Shows: Mohawk set suggests Waxahatchee can still grow as a live act


Maybe a bit of an ethereal, come-to-the-light image is what Crutchfield is shooting for these days, given the black-and-white cover of her new album, Out in the Storm, where her hair is falling frizzily across her weary face, blocking her eyes. At any rate, even when the lights didn’t cast Crutchfield as a glowing 1883 murder victim haunting a creepy mansion, Waxahatchee still delivered a solid, if unspectacular, one-hour performance, battling through uncomfortable heat and humidity that persisted all the way to their midnight-ish end time.

Known mainly as part of a revival kick of ‘90s-sounding indie rock that includes bands like Massachusetts’ Speedy Ortiz, Crutchfield’s work earns that categorization. But she’s also developed a distinct, soul-baring voice as a songwriter, can craft a memorable melody, and adds sonic touches to many of her songs that take her beyond a mere worshipper of 1995-era college radio.

For those who came because they wanted to hear some searing rock, there was plenty of three-guitar action – including Katie, solo-artist sister Allison, and Sleater-Kinney touring guitarist Katie Harkins – and the likes of the ripping “Peace and Quiet” off 2013’s Cerulean Salt. But the crew showed they knew the dynamics of a set list, ably mixing the rockers with quiet ballads that not only varied the pace but intensified the impact of the sonically edgier stuff. (Their set held the eyes of everyone except for a larger-than-normal number of couples making out during their set. Waxahatchee’s music is a lot of things, but it’s not makeout music. Maybe it was the heat or something; it was certainly a little much for Allison, who ditched her jacket early on.)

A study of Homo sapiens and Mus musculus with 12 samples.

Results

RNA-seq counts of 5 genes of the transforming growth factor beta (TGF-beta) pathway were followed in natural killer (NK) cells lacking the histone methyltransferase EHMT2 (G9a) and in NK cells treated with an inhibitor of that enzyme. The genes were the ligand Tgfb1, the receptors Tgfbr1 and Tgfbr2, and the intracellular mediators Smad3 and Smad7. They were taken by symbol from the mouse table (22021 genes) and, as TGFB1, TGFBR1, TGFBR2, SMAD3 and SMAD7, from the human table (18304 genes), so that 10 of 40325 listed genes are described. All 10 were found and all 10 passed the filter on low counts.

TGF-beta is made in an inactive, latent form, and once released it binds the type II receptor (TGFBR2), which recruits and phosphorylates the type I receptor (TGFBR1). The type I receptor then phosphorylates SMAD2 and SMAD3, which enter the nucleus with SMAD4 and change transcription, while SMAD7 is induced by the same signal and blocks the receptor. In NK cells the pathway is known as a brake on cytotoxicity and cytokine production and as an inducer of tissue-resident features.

On those slower acoustic numbers – like “A Little More” or “Sparks Fly,” two songs from the new album exploring relationships and suppressed feelings — Crutchfield showed how her softer side has developed from minimalist beginnings five years ago. Waxahatchee’s first album, 2012’s American Weekend, was literally just Crutchfield recording in a bedroom with a guitar, a record of lo-fi, echo-y and hypnotic songs that hinted at what she could do with some technological help and a clearer, beefier sound. She’s added exactly those elements, but her balladry sounds like it’s in the big leagues now, and it shows.

That all said, judging by this one performance, Waxahatchee at this point is better appreciated on record. That has less to do with any shortcomings of the band as a live act, and more to do with the fact that Crutchfield has established herself as a reliable songwriter who puts together consistently strong studio work. The songs of Out in the Storm, both the muscular and the quiet ones, lend themselves to live performance and suggest Waxahatchee have it in them to become a spine-chilling stage act. The Crutchfields and co. aren’t there yet, but they’re still worth a live watch.